Integrated multi-omics analysis provides insights into genome evolution and phosphorus deficiency adaptation in pigeonpea (Cajanus cajan)
Chun Liu1,2,3 ,† , Yuling Tai4 ,† , Jiajia Luo1 , Yuanhang Wu2 , Xingkun Zhao2 , Rongshu Dong1 , Xipeng Ding1 , Shancen Zhao3 and Lijuan Luo2 , , Pandao Liu1 , Guodao Liu,1 ,
1Tropical Crops Genetic Resources Institute, Chinese Academy of Tropical Agricultural Sciences, Haikou 571101, China
2College of Forestry & College of Tropical Crops, Hainan University, Haikou 570228, China
3BGI Institute of Applied Agriculture, BGI-Shenzhen, Shenzhen 518120, China
4School of Life Science, Anhui Agricultural University, Hefei 230036, China
*Corresponding author. E-mail: liupandao2019@163.com,Guodao_Liu@163.com
Both authors contributed equally to the study.

Horticulture Research 9,
Article number: uhac107 (2022)
doi: https://doi.org/10.1093/hr/uhac107
Views: 46

Received: 09 Dec 2021
Accepted: 23 Apr 2022
Published online: 17 May 2022

Abstract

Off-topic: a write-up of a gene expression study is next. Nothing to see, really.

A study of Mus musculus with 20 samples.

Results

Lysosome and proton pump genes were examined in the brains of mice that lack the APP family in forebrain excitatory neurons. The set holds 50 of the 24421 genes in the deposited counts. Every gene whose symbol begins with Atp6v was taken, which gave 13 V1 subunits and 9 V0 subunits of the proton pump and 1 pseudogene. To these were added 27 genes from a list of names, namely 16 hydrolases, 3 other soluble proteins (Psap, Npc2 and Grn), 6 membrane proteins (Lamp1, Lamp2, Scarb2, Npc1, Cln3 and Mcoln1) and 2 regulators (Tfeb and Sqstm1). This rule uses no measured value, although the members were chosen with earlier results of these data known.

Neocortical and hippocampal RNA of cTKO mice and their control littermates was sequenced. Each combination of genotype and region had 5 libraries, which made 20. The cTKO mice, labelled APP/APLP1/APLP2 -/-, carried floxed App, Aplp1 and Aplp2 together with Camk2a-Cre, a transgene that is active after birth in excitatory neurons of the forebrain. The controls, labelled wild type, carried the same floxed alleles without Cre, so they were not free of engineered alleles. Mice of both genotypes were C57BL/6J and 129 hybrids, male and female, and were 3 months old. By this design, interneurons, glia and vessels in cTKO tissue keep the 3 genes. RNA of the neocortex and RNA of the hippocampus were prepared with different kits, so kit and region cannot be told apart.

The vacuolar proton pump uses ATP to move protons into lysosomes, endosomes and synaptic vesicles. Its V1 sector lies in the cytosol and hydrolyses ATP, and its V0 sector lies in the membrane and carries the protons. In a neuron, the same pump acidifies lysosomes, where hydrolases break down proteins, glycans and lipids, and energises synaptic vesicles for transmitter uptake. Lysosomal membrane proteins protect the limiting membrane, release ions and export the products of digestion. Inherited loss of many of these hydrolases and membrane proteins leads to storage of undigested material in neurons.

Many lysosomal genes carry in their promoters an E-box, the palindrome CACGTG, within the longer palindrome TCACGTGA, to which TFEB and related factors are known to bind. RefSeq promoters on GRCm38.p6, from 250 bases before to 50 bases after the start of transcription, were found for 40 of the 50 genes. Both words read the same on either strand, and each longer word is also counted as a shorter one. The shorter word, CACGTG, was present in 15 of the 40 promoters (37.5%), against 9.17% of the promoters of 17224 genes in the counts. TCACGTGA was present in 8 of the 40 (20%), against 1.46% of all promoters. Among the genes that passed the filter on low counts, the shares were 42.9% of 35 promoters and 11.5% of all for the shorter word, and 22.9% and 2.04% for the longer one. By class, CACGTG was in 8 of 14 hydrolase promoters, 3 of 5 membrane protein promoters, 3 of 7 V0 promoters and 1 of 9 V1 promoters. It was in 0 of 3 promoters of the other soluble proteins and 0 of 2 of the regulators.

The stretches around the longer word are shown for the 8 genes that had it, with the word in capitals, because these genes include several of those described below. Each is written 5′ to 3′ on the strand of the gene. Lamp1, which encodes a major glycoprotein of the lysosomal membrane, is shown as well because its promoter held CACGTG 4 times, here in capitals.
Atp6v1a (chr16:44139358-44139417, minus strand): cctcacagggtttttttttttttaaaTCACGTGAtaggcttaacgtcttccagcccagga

Pigeonpea (Cajanus cajan) is an important legume food crop and plays a crucial role in a secure food supply in many developing countries. Several previous studies have suggested that pigeonpea has great potential for phosphorus (P) deficiency tolerance, but little is known about the underlying mechanism. In this study, the physiological and molecular responses of pigeonpea roots to phosphate (Pi) starvation were investigated through integrating phenotypic, genomic, transcriptomic, metabolomic, and lipidomic analyses. The results showed that low-Pi treatment increased total root length, root surface area, and root acid phosphatase activity, and promoted the secretion of organic acids (e.g. citric acids, piscidic acids, and protocatechuic acids) and the degradation of phospholipids and other P-containing metabolites in the roots of pigeonpea. Consistent with the morphological, physiological, and biochemical changes, a large number of genes involved in these Pi-starvation responses were significantly upregulated in Pi-deficient pigeonpea roots. Among these Pi-starvation response genes upregulated by low-Pi treatment, four gene families were expanded through recent tandem duplication in the pigeonpea genome, namely phosphate transporter 1 (PHT1), phosphoethanolamine/phosphocholine phosphatase (PECP), fasciclin-like arabinogalactan protein (FLA), and glutamate decarboxylase (GAD). These gene families may be associated with Pi uptake from the soil, phospholipid recycling, root morphological remodeling, and regulation of organic acid exudation. Taken together, our results suggest that pigeonpea employs complex Pi-starvation responses to strengthen P acquisition and utilization during low-Pi stress. This study provides new insights into the genome evolution and P deficiency adaptation mechanism of pigeonpea.